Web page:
Wishful thinking by some people to the contrary, fossil fuels are here to stay for at least the next 30-40 years. In North America this timeframe will be an era of transition as the proportion of renewable energy in the U.S. and Canada will rise while the consumption of fossil fuels lessens. Globally this energy transition will be similar in most developed countries, and all will be greatly affected by rapidly growing middle classes in India and China that demand all the trappings of higher living standards, including cars. So fossil fuels are probably going to make up a larger proportion of the energy mixes in those countries for a longer period.
This is the big-picture background against which Canada and the U.S. must develop energy policies for their short- and long-term futures. Historically, the U.S. and Canada have enjoyed a symbiotic energy relationship: Canada sold energy and the U.S. bought it — the lion’s share of U.S. energy imports coming from its neighbor to the north. But now, the U.S. and Canada are entering a period of still overlapping, but fundamentally different, energy agendas.
What’s changing is the U.S. is increasing production of its domestic oil and is experiencing a game-changing windfall of natural gas. The U.S. Energy Information Administration (EIA), part of the Department of Energy, predicted in a December report that the U.S. will be close to oil independence by 2040 and natural gas independence by 2020.
The increase in U.S. oil production is the result of advances in non-traditional drilling technologies, including oil hydrofracking, that enable companies to produce oil that was difficult to find and drill for until now. For its natural gas production, the U.S. is in the throes of a hydrofracking frenzy, producing natural gas in unprecedented amounts. In less than a decade, according to the EIA report, U.S. production of its domestic natural gas will exceed its consumption, enabling the U.S. to export natural gas in a readily shippable, liquefied form.
The U.S. trend toward energy self sufficiency represents a precarious situation for Canada’s economic wellbeing since 95 percent of Canada’s energy exports (including hydroelectric power) today go to the U.S. Canada’s leaders and energy producers must contemplate a future with a dramatically shrunken U.S. market, forcing them to scramble to find new energy customers for Canada’s prodigious fossil fuel reserves.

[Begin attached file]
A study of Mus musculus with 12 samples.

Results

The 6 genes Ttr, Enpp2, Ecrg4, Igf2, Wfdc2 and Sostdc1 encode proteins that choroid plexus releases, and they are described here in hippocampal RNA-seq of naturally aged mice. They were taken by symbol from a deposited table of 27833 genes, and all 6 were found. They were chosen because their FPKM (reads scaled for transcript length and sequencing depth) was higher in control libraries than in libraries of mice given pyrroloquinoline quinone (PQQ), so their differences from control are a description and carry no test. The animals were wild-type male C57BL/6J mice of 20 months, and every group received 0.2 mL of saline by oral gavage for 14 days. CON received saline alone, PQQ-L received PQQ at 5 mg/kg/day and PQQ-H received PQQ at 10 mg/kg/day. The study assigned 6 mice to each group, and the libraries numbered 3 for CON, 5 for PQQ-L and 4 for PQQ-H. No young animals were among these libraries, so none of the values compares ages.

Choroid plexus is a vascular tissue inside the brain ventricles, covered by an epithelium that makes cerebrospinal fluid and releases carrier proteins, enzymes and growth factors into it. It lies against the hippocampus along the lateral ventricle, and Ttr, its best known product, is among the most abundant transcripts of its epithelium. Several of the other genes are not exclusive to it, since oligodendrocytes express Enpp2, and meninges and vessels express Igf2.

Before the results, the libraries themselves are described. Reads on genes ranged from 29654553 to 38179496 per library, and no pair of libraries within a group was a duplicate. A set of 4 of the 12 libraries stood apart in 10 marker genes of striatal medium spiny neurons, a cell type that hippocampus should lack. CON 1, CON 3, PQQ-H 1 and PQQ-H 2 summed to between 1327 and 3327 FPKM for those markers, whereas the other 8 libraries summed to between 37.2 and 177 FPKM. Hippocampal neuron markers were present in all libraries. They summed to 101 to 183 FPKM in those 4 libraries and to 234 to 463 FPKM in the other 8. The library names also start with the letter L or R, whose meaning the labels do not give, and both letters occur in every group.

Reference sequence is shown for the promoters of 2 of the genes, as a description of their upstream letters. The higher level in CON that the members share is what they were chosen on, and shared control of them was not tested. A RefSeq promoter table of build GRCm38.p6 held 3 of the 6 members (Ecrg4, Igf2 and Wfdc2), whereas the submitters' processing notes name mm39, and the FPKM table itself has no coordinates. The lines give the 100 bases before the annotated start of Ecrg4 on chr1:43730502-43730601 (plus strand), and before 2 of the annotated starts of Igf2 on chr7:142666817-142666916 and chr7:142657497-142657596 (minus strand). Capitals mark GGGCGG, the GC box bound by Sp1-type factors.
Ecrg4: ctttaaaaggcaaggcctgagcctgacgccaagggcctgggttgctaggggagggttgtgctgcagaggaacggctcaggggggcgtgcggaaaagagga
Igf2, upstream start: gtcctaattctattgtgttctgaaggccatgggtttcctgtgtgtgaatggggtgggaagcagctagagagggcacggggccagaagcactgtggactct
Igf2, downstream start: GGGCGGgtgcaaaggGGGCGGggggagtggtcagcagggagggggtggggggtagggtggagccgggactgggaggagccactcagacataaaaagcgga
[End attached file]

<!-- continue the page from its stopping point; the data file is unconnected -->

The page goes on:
Those new energy customers exist in China and India, and therein lies a problem since most of Canada’s oil and natural gas deposits are in the land-locked province of Alberta without easy, pipeline access to coastal refineries and shipping ports. Much of these fuels currently are piped south directly into the northern U.S. through existing pipelines. A U.S. decision on the TransCanada Keystone XL pipeline that would greatly extend the route of crude oil to refineries in Texas and would help to solidify the U.S. market, is being delayed by the Obama administration and may never be built because of decreasing demand as well as formidable environmental opposition. Environmental opponents contend that the pipeline would discourage expansion of renewable sources while encouraging increased development of synthetic crude from Canada’s oil sands with dire environmental impacts.
And so, Canada must take major steps to invest in pipeline infrastructure in order to serve Chinese and Indian markets. A proposed pipeline to the Vancouver area through British Columbia is being met with increasing hostility from environmentalists and from indigenous First Nation inhabitants of the lands through which the pipeline would have to pass. Prospects for a pipeline to refineries and ports in eastern Canada look more promising because some pipelines are already in place and regulatory hurdles are less onerous. Last week, Canada’s federal government voiced strong support for building a west-to-east pipeline. The U.S. advance toward energy independence, in large part a function of new technologies, now makes large pipeline infrastructure projects in Canada a necessity.
While the U.S. and Canada will no doubt continue to have some degree of a buyer-seller energy relationship – Canadian hydropower will certainly continue to be sold to the U.S., for example — the new energy developments mark a fundamental change in these two countries’ traditional energy relationships with each other and with the world.